In honor of Stroke Awareness Month, we reviewed the signs and symptoms of strokes in our last blog from April 26 (Act F.A.S.T. in response to stroke | Illinois Extension | UIUC). We also discussed the importance of acting F.A.S.T. and calling 9-1-1 right away.  While emergency medical care is critical for treating strokes, prevention is even better! Experts believe that as many as 4 out of 5 strokes can be avoided through healthy lifestyles and behaviors. 

Many of these healthy behaviors reduce stroke risks by protecting the health of our arteries. Arteries are blood vessels that carry oxygen-rich blood to our brain and other parts of our body. Conditions like high blood pressure, high cholesterol, and diabetes can damage the arteries that supply blood to the brain and increase our risks of stroke. 

For example, when blood pressure is high, the extra pressure may cause an artery in the brain to rupture, resulting in a hemorrhagic stroke.  Additionally, high blood pressure stretches our arteries and causes tiny tears. Our bodies attempt to fix these tears by patching them up with scar tissue. Unfortunately, the scar tissue acts as a trap for fatty deposits called plaques. As these fatty plaques build up and harden, they may lead to blood clots and restrict blood flow to the brain, causing an ischemic stroke.  

Fatty plaques can also result from artery damage caused by high blood sugar4 or high levels of LDL cholesterol. You may have heard that there are “good” and “bad” kinds of cholesterol. LDL is the “bad” cholesterol that forms fatty plaques in our arteries.  HDL cholesterol is the “good” cholesterol. It carries some of the LDL cholesterol from our blood to the liver so it can be eliminated from our bodies.  As a result, HDL cholesterol can help protect us from strokes while high levels of LDL cholesterol increase our stroke risk.  

So how do we take care of our arteries and reduce our risks of stroke? Here are five tips! 

  1. See your doctor for regular checkups.  Your doctor will check your blood pressure and do tests to determine if you have high cholesterol or diabetes. If you have any of these conditions, your doctor will help you identify options for managing them. This guide from the American Heart Association can help you prepare for your visit. 

  2. Nourish yourself with healthy foods. Eating a diet high in fiber and low in saturated fat, trans fat, and cholesterol can help prevent the buildup of LDL cholesterol in your arteries. In addition, limiting salt can help lower blood pressure. The DASH diet is often recommended to lower blood pressure and improve heart health.   

  3. Be active. Regular physical activity can help lower blood pressure and LDL cholesterol. It can also help you maintain a healthy weight and prevent or delay diabetes, further reducing stroke risk. Current guidelines recommend 2 hours and 30 minutes of moderate aerobic activity each week for adults. Walking at a brisk pace is a good way to meet these recommendations. For more ways to get moving, visit: As always, check with your doctor before beginning a new exercise regimen.  

  4. Limit alcohol intake. Drinking too much alcohol can increase your blood pressure. It can also increase a type of fat called triglycerides, which contributes to the buildup of fatty plaques in arteries along with LDL cholesterol and other substances. The Centers for Disease Control and Prevention recommend limiting daily alcohol intake to one drink or less for women and two drinks or less for men.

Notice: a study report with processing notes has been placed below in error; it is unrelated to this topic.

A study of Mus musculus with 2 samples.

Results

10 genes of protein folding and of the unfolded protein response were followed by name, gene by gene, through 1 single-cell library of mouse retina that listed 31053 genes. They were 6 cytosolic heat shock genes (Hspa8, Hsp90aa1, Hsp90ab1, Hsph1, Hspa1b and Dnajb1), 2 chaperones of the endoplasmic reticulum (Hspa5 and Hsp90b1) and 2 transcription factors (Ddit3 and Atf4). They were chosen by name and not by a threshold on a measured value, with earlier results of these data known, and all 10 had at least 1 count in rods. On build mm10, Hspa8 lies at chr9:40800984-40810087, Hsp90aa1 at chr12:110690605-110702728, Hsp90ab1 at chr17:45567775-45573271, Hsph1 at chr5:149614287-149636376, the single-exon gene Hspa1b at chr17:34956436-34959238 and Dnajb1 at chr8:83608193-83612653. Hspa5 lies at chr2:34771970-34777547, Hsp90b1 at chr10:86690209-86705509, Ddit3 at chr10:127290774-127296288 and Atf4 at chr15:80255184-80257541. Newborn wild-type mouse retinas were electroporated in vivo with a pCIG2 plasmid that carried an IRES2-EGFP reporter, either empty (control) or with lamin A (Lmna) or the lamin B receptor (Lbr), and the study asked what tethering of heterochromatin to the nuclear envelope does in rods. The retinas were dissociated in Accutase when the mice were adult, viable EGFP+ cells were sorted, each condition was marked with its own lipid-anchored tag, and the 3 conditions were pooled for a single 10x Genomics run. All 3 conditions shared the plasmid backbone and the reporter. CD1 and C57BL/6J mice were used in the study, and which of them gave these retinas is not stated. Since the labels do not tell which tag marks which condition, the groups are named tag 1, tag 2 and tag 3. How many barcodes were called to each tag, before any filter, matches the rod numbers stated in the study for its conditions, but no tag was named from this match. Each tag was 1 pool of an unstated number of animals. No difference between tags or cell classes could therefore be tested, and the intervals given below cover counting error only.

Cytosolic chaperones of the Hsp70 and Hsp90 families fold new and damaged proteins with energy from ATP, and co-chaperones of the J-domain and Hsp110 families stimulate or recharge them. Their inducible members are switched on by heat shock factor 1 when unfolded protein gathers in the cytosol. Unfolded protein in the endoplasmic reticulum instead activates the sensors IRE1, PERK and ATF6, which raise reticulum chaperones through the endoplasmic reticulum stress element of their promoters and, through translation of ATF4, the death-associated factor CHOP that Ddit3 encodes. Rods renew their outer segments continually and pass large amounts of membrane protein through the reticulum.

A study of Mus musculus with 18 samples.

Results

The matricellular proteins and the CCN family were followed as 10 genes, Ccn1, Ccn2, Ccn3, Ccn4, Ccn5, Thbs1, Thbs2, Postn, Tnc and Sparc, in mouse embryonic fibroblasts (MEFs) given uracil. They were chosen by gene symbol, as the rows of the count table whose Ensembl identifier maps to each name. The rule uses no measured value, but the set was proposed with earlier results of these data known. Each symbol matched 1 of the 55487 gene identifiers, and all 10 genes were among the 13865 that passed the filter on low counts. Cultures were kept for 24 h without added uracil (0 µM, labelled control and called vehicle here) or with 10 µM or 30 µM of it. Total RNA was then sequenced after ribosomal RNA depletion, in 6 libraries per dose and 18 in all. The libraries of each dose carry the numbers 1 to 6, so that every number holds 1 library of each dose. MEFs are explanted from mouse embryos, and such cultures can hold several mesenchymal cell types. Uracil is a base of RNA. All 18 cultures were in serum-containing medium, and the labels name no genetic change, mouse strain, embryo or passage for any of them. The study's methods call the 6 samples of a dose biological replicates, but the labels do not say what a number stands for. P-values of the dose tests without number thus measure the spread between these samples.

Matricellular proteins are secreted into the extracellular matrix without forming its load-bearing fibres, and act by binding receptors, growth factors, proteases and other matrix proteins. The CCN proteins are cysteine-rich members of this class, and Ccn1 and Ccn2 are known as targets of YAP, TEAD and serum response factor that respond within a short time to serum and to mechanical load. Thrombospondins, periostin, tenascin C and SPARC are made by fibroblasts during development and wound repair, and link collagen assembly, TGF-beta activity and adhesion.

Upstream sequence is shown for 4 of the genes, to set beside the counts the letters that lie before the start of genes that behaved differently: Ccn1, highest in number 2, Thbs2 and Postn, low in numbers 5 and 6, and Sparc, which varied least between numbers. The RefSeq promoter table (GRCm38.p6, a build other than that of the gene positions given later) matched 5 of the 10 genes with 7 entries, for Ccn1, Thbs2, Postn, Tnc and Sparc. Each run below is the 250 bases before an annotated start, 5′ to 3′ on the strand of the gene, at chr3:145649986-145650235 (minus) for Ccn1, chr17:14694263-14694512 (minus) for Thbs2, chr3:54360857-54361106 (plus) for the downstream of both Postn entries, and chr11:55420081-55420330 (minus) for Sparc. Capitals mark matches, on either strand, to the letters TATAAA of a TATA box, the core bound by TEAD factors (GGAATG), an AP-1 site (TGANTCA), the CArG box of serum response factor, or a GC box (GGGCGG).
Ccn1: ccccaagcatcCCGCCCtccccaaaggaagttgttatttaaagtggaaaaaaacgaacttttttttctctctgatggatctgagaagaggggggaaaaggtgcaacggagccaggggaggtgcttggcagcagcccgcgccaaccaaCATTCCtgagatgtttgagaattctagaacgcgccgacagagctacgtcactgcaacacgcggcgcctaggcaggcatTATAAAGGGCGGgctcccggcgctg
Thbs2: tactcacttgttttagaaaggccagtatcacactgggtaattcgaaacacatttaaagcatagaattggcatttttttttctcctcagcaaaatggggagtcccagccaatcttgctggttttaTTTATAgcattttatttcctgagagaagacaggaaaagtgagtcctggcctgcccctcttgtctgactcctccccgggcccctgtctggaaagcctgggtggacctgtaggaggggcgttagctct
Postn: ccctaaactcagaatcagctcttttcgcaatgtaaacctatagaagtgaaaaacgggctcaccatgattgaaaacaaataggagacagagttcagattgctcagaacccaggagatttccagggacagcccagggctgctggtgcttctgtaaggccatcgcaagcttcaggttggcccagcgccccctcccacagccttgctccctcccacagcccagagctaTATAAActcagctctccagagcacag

5. Stay away from tobacco. The nicotine in tobacco raises blood pressure. Smoking also damages blood vessels and leads to the buildup of fatty plaques in arteries.  Carbon monoxide from cigarettes limits the amount of oxygen carried in your blood. If you use tobacco, quitting will lower your risk of stroke. For resources to help you quit, visit:  

Closing comments 

As with many other conditions, eating well, exercising, limiting alcohol, avoiding tobacco, and working with your doctor to manage medical conditions can lower your risk of stroke. By taking these steps, you can help protect yourself from a stroke this May and every month!   

However, it is also important to know that some risk factors for stroke (like age, race, sex, or family history) cannot be modified through healthy lifestyles and behaviors. If you would like to know more about these risk factors, the Centers for Disease Control and Prevention and the American Stroke Association provide valuable information. 

Source: This post was written by Lisa Duberowski, Master of Public Health student, working with Kristin Bogdonas, nutrition and wellness educator, serving Henry, Mercer, Rock Island and Stark Counties.


  1. Williamson, L. (2021, May 5). 5 critical steps to help prevent a stroke. American Heart Association. 

  1. Centers for Disease Control and Prevention. (2023, March 23). Know your risk for stroke.  

  1. American Stroke Association. (2021, June 12). High blood pressure and stroke.  

  1. American Stroke Association. (2020, January 27). Diabetes and stroke: What you need to know. [Video]. Youtube.  

  1. Centers for Disease Control and Prevention. (2022, October 24). LDL and HDL cholesterol and triglycerides.  

  1. Centers for Disease Control and Prevention. (2022, April 5). Prevent stroke: What you can do.